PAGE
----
I find it’s always a good test of someone’s true dressage knowledge to hear what they say when their horse does a leg yield. If I hear them saying my horse just did a half pass or side pass, then that’s a pretty good indication to me, that no matter how much of an expert they think they are, that they don’t really have a very good understanding of the basics of dressage.
However, it’s not uncommon for the leg yield, half pass and side pass movements to be confused with each other and it’s nothing to be embarrassed about…I didn’t know the difference either when I first started! Yes, they all have one feature the same, the horse moves sideways off the rider’s leg aid, but that’s about where the similarities end.
So what’s the difference between the 3?
The leg yield is when the horse moves forwards and sideways at the same time, while keeping their body as straight as possible with a small amount of flexion away from the direction their travelling in. This means that if your horse is travelling to the left, they will have a small amount of flexion to the right and vice versa.
It’s the basis for all other more advanced lateral movements.
The technical definition of a half pass is when the horse moves diagonally forwards with a small amount of flexion towards the direction they’re travelling. The forehand can be very slightly ahead of the hindquarters.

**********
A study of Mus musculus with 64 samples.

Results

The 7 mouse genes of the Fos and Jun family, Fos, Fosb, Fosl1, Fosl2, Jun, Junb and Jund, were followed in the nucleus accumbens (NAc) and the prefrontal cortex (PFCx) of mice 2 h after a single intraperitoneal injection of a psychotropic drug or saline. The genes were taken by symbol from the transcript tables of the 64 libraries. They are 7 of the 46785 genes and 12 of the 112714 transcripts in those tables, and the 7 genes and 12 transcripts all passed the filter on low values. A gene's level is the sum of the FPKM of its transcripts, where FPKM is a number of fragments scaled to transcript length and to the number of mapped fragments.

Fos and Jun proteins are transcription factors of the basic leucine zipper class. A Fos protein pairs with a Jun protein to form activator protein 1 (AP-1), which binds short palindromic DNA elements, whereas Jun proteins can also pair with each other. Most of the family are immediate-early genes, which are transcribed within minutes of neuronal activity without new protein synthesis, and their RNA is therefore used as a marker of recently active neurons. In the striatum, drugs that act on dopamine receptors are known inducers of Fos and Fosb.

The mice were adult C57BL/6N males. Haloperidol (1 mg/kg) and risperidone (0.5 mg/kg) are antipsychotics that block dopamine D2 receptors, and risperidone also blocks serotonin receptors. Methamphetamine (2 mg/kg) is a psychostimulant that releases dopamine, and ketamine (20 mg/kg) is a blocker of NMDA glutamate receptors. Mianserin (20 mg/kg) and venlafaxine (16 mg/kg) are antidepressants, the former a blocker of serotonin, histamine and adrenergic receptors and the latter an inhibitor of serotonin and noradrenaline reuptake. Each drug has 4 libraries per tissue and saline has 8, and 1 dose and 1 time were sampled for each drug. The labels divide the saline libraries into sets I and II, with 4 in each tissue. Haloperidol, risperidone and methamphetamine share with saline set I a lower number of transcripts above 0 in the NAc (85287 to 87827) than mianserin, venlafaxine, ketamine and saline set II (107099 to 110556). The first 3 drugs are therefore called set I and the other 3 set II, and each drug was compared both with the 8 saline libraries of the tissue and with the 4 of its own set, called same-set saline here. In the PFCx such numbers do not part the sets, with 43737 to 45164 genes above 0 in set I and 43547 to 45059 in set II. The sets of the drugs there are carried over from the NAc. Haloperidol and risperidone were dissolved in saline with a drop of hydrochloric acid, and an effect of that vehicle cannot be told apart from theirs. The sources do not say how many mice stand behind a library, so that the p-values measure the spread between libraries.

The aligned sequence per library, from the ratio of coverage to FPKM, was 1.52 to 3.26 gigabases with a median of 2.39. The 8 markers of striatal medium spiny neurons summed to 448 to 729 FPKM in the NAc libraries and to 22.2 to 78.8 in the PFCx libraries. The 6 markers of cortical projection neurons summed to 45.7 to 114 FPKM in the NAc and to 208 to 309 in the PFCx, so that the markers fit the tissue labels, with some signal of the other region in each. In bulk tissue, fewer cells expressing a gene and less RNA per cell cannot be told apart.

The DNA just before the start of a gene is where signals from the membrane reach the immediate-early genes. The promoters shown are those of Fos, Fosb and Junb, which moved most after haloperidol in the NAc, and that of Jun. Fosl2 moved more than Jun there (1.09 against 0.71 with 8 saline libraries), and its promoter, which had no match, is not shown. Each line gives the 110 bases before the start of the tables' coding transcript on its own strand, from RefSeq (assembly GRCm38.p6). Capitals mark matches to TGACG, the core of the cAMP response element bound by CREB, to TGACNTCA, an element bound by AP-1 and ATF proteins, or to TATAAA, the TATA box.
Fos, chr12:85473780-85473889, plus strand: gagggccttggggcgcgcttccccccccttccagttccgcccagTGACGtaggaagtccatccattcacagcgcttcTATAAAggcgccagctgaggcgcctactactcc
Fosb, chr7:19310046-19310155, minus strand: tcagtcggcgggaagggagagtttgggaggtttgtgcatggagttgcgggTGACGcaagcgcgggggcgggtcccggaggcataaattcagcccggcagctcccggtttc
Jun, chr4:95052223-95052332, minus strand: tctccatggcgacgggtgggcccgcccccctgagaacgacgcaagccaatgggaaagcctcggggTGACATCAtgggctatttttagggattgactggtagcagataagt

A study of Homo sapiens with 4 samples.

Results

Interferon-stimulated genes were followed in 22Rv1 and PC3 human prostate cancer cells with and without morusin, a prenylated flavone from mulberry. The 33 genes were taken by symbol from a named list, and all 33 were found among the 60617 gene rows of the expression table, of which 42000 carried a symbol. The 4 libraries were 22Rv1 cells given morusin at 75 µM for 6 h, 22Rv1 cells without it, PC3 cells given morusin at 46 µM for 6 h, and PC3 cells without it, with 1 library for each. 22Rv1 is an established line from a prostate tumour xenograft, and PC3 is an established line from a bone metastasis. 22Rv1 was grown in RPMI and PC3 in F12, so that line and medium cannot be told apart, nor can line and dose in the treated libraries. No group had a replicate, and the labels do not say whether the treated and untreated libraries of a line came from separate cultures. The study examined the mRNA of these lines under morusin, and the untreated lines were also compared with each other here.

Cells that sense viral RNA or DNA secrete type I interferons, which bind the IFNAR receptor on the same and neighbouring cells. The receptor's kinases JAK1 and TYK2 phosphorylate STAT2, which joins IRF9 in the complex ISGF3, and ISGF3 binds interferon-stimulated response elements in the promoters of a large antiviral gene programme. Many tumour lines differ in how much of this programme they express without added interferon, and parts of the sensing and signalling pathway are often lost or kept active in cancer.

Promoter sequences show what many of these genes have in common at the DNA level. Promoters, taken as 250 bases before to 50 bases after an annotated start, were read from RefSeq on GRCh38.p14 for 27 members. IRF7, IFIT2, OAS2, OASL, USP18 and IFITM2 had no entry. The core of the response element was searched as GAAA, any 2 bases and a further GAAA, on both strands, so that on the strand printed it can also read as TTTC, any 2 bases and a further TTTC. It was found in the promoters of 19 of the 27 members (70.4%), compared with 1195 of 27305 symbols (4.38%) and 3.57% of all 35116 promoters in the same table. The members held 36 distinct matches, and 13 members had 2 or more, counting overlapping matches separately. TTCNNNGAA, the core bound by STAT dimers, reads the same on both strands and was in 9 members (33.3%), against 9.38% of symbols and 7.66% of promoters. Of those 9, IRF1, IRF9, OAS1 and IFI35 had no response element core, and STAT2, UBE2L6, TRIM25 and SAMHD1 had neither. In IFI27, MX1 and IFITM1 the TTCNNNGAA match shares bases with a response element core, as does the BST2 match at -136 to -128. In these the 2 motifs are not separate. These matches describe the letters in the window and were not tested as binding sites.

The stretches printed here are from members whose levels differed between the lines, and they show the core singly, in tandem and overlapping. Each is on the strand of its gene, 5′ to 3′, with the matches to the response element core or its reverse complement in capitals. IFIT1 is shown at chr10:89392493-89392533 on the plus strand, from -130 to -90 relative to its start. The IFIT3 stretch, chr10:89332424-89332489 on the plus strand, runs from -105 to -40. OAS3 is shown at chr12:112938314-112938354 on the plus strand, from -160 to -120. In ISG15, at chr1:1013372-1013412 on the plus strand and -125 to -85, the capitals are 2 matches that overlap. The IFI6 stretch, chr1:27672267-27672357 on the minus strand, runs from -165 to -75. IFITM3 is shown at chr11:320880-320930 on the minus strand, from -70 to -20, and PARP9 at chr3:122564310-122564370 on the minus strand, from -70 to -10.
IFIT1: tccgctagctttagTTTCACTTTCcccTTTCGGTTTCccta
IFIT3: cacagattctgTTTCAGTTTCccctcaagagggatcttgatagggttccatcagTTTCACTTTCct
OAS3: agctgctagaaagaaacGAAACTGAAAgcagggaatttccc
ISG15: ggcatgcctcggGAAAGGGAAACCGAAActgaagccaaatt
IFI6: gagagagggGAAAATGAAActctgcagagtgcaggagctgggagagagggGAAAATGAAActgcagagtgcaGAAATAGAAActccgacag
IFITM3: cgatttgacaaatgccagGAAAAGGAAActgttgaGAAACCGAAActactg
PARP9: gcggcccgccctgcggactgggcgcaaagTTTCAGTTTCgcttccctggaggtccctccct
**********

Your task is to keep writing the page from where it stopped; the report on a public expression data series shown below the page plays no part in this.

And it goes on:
However I feel the easiest way for most people to remember it is that the horse is simply flexed in the opposite direction to what they would be in the leg yield. In the leg yield they’re flexed away from the direction they’re travelling, where in the half pass they’re flexed towards the direction they’re travelling.
The half pass is a reasonably advanced dressage movement that should only be attempted on a horse that has very good collection and well established, basic lateral movements (leg yield, shoulder-in, travers).
Strictly speaking the side pass is not actually a dressage movement, though it can be useful to incorporate in training. A side pass can be performed on the ground or under saddle and simply involves the horse moving sideways with no real flexion and no forward movement at all.
Unlike the leg yield (which has recently been incorporated in some dressage tests) & half pass, the side pass is not used in any official dressage competitions.